Pakistan's security services accused of aiding Taliban leadership
The Pakistani security services are directly assisting the
Taliban in Afghanistan and have direct influence over its
leadership, according to a leaked report.
The claim is made in a secret Nato report seen by the BBC and derived from thousands of interrogations of "insurgents" captured by Nato forces.
It alleges the Taliban still has wide support among the Afghan people, and the Pakistan intelligence service (ISI) knows the whereabouts of the group's leaders. "Pakistan's manipulation of the Taliban senior leadership continues unabatedly," it notes.
Pakistan is a major recipient of US military aid and has always denied aiding the Taliban. The report states: "Afghan civilians frequently prefer Taliban governance over the Afghan government, usually as a result of government corruption."
A Nato spokesman told the BBC that the report was "a classified internal document that is not meant to be released to the public".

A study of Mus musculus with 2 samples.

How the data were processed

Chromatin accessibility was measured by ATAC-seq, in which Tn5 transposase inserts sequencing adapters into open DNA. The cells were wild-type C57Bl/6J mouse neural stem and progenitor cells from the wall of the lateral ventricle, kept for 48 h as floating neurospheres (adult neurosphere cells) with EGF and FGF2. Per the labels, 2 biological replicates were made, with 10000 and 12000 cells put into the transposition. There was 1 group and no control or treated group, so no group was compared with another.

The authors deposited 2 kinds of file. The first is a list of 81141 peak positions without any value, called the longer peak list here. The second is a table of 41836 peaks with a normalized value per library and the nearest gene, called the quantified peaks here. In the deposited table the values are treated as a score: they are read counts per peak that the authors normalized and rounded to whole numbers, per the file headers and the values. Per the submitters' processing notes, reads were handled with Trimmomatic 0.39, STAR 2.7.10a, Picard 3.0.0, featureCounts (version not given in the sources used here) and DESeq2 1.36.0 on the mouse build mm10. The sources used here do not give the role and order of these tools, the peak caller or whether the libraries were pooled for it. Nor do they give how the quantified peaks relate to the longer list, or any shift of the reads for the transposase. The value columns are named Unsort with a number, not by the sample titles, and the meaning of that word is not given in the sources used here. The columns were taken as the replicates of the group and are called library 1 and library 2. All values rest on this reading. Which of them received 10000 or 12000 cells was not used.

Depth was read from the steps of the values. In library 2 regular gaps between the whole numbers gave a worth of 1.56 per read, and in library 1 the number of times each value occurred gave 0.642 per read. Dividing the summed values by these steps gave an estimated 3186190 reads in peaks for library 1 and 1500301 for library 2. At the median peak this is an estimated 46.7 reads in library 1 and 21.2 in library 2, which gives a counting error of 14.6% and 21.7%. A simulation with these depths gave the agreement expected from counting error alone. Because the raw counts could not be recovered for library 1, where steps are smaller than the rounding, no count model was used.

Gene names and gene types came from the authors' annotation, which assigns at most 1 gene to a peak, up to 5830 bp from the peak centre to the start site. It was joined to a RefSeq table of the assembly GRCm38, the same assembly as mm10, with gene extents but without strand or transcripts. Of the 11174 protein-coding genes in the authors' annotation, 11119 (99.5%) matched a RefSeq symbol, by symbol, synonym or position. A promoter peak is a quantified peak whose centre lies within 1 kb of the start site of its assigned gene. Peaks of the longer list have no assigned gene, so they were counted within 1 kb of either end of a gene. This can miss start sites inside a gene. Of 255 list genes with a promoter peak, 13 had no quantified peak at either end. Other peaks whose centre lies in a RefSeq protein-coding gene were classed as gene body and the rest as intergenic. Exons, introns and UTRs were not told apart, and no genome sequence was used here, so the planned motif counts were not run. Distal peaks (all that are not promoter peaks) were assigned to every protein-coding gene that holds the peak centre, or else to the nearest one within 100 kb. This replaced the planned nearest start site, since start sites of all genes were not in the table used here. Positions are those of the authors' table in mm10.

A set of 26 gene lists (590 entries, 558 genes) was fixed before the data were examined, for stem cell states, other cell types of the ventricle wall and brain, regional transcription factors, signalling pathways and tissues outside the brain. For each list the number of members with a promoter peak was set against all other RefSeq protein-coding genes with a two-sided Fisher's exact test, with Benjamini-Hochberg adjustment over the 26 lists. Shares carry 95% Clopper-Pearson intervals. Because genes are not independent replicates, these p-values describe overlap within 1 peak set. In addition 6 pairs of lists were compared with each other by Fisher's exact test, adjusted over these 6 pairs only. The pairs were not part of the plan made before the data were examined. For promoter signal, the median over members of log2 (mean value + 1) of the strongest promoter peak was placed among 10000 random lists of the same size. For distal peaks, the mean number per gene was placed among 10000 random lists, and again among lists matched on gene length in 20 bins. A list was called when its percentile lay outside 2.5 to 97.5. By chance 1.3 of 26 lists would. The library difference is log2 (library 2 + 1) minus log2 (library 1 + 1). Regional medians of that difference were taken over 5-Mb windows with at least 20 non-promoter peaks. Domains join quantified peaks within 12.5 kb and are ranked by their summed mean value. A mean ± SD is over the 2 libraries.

It is likely to harm an already tense relationship between Pakistan and the West. It comes as President Barack Obama has reignited the controversy over the CIA's deployment of drones in Pakistan, admitting their use for the first time.
"A lot of these strikes have been in [Pakistan's tribal areas]," Mr Obama said in an interview streamed live on YouTube. "For the most part, they've been very precise precision strikes against al-Qa'ida and their affiliates, and we're very careful in terms of how it's been applied."
Washington's use of drones in Pakistan has long been a source of anger for many Pakistanis. But Mr Obama said the leadership in Islamabad lacked the political will and capacity to take on extremists.